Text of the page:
Connect with Your Body to Relax During the Day

Most of the time during a fast-paced or intense day--sometimes from the moment we wake up until we lay our head on our pillow at night--we are in “doing-mode”.  As we make plans on the one hand, we get going with things we already planned on the other.

Most of the time during a fast-paced or intense day–sometimes from the moment we wake up until we lay our head on our pillow at night–we are in “doing-mode”.  As we make plans on the one hand, we get going with things we already planned on the other. We start a new task before even finishing the first; we go through the day without taking any breaks; in motion and locked on our target. In times like this, our energy is focussed on our heads; in our minds. Many thoughts pass through our minds; most of these are about what we have done in the past or what we should do in the future. The more our days are spent in this “doing-mode” and the busy mind that comes with it, the more worried we get. Our body releases a stress hormone called cortisol, which carries feelings of fatigue and burnout with it. Sometimes, our body may even ache and we may get ill.

Does this mode sound familiar to you? How often do you spend your days like this? When does it increase? Can you notice that you are entering “doing-mode” by observing your body? Doing mode can be expressed in our bodies in a number of ways: our breath gets short and catchy; we may even hold our breath. We wear a frown; we tighten our jaw. Our shoulders are placed close to our ears, lifted and curved forward. In a similar way, our posture leans forward as if ready to take action at any moment. In general, we tighten or contract our entire body. How does your body experience “doing-mode”?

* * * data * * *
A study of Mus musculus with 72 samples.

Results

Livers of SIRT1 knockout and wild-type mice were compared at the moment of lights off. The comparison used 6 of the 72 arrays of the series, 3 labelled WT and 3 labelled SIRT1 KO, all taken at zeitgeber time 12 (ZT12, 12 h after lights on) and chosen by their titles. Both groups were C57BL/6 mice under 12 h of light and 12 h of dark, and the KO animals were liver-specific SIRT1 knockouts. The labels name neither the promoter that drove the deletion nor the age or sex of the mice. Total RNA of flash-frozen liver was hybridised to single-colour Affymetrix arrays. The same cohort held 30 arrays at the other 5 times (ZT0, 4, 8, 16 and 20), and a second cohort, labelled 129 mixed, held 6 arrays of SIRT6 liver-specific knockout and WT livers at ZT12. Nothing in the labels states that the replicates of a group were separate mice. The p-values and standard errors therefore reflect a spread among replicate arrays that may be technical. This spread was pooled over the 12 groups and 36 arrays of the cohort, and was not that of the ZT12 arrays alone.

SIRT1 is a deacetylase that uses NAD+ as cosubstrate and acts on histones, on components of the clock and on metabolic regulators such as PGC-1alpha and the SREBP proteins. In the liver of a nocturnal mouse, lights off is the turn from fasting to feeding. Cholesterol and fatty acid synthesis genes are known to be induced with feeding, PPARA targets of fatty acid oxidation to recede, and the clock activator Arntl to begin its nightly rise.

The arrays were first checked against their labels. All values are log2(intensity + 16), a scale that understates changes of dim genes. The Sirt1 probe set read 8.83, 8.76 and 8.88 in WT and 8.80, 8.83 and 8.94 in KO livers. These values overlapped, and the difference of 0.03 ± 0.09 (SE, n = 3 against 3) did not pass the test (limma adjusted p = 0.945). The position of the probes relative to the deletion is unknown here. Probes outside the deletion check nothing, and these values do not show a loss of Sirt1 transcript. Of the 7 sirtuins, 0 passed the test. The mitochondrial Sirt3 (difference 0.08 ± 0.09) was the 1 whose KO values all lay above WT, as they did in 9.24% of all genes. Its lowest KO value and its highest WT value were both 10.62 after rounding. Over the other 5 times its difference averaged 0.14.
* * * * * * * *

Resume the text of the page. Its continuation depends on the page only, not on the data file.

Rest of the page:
When doing mode is no longer to your benefit, can you notice the signs in your body and switch to an alternate mode?

That alternative is “being-mode”. If you feel increasingly worried due to spending too long in “doing-mode”, you can calm yourself by occasionally switching to “being-mode” during the day. Without making an effort to do anything, just stay in the moment and be present. In this mode, our body is in the opposite state of “doing-mode”. Our face and body muscles relax. Our shoulders drop, and roll back. We even lean back. We release our body. How do you experience this mode in your body?

If you were to imagine yourself as a tree, you can think of your mind and thoughts as the leaves of the tree. If you constantly stay in “doing-mode” it is as if you are focussing on the leaves; you lose touch with the branches that hold them, with the stem and the roots– in other words your body. The rest of the tree finds it hard to carry its leaves; it grows weak, and after some time, all that remains are the leaves, flying away all by themselves. 

When you feel like you need to switch from “doing-mode” to “being-mode” to help you relax, you can shift your attention from top to bottom; from your mind to your body; from your thoughts to your emotions and feelings. For instance, you can imagine yourself as a tree with a strong trunk; rooting you to the ground. Picture all the loads and worries you carry and accumulate in your mind; imagine moving them from the leaves to the branches, from the branches to the trunk, from the trunk to the roots and finally dropping them to the ground. Imagine sending all of them to the centre of the world with the help of gravity. As you are doing this, imagine your whole body relaxing and becoming lighter.

One other method for switching to “being-mode” and connecting with your body is to focus on your present moment, place and breath by using your five senses. For instance, take a break from work and touch your seat. What texture does it have? How does it feel as you move your fingers along on it? Focus only on this feeling. Move all your energy from your mind to your hands. Take a deep breath and exhale. Doing this even for a few seconds when you are in “doing-mode” and feel stressed will help you to relax.